BMBF project for developing high-brilliance infrared laser sources

As part of the ‘Integrated Microphotonics’ initiative, Osram Opto Semiconductors is coordinating the IMOTHEB project (Integrated microoptical and microthermal elements for diode lasers of high brilliance).
The aim is to improve the performance of laser systems and at the same time reduce production costs. The project partners are DILAS Diode Laser and the Max Born Institute. The project (FKZ 13N12312) runs from October 1, 2012 to September 30, 2015 and is being supported by the German Ministry for Education and Research (BMBF).

Diode-pumped high-power laser systems for material processing such as cutting and welding are playing an increasingly important role in industry. Their advantages over carbon dioxide lasers and lasers pumped with flash lamps are lower operating costs, greater efficiency and smaller size.

Fiber lasers and fiber-coupled diode lasers are becoming more and more important for optical material processing. As they become widespread, however, the focus is shifting to the question of costs. Developments that increase the performance of laser systems and at the same time reduce production costs are therefore needed.

Infrared semiconductor laser diodes which can be used to pump fiber lasers are key components here. They offer enormous potential for automating production and miniaturizing the systems. Increasing performance, for example, can lead to a reduction in the number of semiconductor chips needed.

The objective of the IMOTHEB project is therefore to investigate new approaches and technologies that may ultimately lead to significant reductions in the costs for the pump modules which include not only the semiconductor lasers but also cooling elements, optics and sensors. There are also plans over the course of the project to September 2015 to increase the output of semiconductor lasers by 40 percent while retaining the same high beam quality. IMOTHEB maps the entire value added chain from the semiconductor chip to the complete laser system.

The project partners bring their own specific areas of expertise:
  • Osram Opto Semiconductors is coordinating the project and offering its know-how in semiconductors, laser diodes and laser bars; simulations are being subcontracted to the Fraunhofer Institute for Applied Optics and Precision Engineering.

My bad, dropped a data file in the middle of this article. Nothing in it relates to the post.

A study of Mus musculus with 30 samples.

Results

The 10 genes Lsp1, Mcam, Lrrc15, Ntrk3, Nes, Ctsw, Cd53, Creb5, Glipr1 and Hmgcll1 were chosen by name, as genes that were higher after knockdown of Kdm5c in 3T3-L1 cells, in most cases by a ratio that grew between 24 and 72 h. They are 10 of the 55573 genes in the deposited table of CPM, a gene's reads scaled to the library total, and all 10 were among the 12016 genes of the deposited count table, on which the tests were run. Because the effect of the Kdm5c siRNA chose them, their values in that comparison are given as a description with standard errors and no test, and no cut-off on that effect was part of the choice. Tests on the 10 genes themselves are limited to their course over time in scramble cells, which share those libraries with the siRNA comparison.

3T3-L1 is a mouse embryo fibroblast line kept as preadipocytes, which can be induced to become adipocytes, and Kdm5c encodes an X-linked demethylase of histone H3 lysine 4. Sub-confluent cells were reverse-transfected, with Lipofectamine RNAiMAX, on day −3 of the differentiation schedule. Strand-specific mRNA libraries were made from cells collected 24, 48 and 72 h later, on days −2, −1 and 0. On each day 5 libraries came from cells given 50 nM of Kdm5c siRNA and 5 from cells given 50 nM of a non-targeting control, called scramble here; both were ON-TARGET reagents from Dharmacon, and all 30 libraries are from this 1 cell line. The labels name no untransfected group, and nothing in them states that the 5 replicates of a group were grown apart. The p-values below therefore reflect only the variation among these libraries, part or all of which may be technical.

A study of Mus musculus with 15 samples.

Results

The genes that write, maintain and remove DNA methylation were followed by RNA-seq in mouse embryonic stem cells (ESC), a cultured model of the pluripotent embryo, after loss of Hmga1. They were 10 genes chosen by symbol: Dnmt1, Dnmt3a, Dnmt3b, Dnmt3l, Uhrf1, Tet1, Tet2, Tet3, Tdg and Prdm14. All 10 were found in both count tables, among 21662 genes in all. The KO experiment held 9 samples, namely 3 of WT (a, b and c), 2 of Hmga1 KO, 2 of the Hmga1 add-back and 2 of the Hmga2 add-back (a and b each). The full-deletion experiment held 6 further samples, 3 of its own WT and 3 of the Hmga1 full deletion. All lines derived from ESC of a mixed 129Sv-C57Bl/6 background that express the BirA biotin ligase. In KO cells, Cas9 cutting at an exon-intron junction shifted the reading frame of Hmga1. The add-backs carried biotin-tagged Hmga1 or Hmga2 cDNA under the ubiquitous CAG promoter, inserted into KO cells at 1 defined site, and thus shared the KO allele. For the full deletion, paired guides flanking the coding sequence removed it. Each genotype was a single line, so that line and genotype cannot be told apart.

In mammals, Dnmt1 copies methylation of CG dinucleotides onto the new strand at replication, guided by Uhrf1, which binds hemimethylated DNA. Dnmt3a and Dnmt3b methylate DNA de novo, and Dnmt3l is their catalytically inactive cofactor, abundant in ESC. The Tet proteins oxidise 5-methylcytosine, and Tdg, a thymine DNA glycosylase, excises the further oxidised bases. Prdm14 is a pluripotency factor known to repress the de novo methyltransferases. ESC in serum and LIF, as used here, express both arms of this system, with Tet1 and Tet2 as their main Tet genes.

• DILAS is responsible for the assembly technology with improved thermal resistance and higher integration in laser modules, and also for automation in module production.
  • The Max Born Institute is acting as a scientific partner, analyzing and characterizing the chips and modules.

Osram Opto Semiconductors has set itself the goal of achieving a higher degree of integration on the semiconductor level, thereby increasing the brilliance of infrared laser diodes significantly. Microoptical and microthermal elements are therefore being integrated directly on the chip.

Over the course of the project it is hoped that this will increase output by 40 percent compared with current best values while retaining the same high emission quality. If these high outputs are achieved they will make laser chips ideal for fiber laser pump modules and for fiber-coupled diode lasers.

Dr. Alexander Bachmann, project leader at Osram, said: “We need results that bring not only technical but also economic benefits to strengthen our competitive position. Based on results from the project, our brilliant laser diodes should provide more output into the fibers so that fewer chips are needed in the system and the laser systems therefore become more efficient and more cost-effective.”